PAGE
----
Paige VanZant came back from a long layoff at UFC 251, losing the final bout on her contract with the promotion. Prior to the bout against rising star Amanda Ribas, VanZant spoke about wanting to test free agency as she didn’t feel like she was earning enough.
VanZant previously stated that a few weeks doing Dancing With the Stars paid her more than her entire six-year UFC career, and Dana White didn’t seem happy about those comments. The UFC President said that since she spoke about fighter pay then got “smoked,” VanZant should “definitely test free agency.”
The popular 26-year-old fighter, who is still in an exclusive negotiating period with the UFC, has since reacted to those comments.
“It’s unfortunate because I feel like I have a really good relationship with Dana,” VanZant told MMA Fighting. “I feel like I thought we were closer friends and he could text me or call me. Something to have a little bit of compassion, something to communicate with me personally but maybe he will. We just don’t know. I’m sure it’s an uncomfortable situation.
“Dana’s comments, what I’m hearing you say, he wants me to test free agency then hopefully they just let me go then,” VanZant said. “If that’s how they feel, then they’ll just let me be free.”
She also noted how UFC matchmaking changes for people trying to negotiate or are on the last fight of their contracts.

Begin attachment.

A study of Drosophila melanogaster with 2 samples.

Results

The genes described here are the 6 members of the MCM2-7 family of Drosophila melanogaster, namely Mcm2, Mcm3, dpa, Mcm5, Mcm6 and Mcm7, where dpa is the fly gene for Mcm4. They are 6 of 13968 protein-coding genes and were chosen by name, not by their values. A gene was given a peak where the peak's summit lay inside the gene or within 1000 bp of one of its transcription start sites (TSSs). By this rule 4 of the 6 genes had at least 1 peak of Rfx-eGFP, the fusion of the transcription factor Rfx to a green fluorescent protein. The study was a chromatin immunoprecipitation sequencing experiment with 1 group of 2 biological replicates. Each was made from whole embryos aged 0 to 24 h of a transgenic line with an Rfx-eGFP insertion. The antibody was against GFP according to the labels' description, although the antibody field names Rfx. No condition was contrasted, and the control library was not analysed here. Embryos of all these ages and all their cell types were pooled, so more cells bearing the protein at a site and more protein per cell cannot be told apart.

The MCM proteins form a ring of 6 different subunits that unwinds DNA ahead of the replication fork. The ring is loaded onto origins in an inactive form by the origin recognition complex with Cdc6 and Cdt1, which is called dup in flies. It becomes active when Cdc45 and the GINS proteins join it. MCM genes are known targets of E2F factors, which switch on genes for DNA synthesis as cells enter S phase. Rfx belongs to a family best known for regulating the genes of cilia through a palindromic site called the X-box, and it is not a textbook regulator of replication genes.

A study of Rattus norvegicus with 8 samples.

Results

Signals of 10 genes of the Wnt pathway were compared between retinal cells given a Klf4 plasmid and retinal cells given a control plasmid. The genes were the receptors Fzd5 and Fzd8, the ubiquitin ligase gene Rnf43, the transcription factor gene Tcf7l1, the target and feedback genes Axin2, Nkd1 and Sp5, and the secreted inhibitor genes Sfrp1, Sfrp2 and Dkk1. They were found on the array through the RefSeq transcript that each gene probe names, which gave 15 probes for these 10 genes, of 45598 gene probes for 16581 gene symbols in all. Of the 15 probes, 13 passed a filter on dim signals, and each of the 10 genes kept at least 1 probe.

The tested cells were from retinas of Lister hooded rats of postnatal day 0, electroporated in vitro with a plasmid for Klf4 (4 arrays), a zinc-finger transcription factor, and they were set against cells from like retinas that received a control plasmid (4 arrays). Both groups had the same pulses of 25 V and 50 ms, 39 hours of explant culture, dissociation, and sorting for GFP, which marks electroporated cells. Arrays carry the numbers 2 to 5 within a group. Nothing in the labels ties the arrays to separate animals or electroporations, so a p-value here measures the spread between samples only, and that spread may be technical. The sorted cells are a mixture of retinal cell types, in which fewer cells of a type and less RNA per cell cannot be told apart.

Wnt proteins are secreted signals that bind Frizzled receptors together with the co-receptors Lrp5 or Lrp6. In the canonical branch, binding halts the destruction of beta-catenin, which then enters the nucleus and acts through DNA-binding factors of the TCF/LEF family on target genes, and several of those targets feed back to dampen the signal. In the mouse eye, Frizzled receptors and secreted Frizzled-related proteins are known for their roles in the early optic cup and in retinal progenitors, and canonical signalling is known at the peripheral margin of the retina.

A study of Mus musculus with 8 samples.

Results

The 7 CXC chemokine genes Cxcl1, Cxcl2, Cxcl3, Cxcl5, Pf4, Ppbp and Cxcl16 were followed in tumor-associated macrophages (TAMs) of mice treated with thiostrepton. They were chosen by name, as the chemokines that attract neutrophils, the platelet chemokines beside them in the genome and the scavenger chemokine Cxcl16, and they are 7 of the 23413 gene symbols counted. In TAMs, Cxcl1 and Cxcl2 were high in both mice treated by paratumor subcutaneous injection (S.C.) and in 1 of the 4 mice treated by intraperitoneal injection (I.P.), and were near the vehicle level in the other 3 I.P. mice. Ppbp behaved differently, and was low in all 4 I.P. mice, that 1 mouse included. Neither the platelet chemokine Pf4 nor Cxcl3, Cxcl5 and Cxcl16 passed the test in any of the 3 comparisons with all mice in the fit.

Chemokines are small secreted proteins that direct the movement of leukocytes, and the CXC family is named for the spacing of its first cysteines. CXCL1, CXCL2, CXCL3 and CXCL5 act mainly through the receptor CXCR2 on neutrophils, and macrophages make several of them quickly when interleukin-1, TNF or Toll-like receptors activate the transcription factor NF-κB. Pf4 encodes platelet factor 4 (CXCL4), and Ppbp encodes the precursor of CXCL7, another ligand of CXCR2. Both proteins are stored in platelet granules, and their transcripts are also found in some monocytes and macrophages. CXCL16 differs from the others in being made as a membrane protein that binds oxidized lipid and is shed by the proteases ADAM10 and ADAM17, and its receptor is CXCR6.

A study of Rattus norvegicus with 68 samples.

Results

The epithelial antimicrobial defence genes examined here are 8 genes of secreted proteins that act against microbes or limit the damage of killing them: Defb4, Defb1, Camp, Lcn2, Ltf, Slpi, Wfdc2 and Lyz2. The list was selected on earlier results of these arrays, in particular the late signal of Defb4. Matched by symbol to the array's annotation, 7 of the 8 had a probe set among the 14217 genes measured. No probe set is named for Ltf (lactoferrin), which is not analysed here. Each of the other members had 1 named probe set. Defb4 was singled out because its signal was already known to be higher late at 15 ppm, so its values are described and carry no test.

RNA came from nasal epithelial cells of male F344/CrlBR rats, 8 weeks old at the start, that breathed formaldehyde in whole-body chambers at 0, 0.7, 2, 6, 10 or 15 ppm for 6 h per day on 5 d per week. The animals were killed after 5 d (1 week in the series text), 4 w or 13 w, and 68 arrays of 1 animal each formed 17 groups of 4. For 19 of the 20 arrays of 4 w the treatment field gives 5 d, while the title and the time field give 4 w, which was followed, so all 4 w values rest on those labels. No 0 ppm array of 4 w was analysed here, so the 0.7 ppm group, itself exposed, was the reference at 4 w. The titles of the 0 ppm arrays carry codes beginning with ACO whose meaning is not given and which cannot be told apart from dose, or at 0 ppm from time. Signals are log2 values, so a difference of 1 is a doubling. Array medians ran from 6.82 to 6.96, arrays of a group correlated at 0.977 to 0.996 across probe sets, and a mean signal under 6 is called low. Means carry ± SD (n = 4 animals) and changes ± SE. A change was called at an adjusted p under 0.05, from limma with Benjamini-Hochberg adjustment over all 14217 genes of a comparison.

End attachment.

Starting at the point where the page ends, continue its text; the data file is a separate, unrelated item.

“This is the exact fight the UFC wanted. They kind of do this to people when they’re on the last fight on their contract. They give them, like, the perfect style matchup.” VanZant said.
“Obviously, it was the very toughest opponent they could give me for my one returning fight I had left. I didn’t play into what the UFC wanted. Of course, I still had confidence going into it. Amanda was so talented. I’m so excited to see where her career goes.”
VanZant maintains that she never actually spoke bad about the UFC, and there shouldn’t be bad blood or retaliation for wanting a raise.
“No matter where you work, if you feel you’re undervalued, there should be absolutely no shame in asking for a raise,” she said. “Especially if you’ve done your time and put your work in. I’ve been in the UFC for six years.
“I haven’t fought in 18 months. So I’ve made $46,000 in 18 months being [what] people have said is a UFC star. I just feel like there’s more out there for me.”
It seems like VanZant is learning what many fighters have already experienced: just because a promoter was nice to you, it doesn’t mean you’re really friends.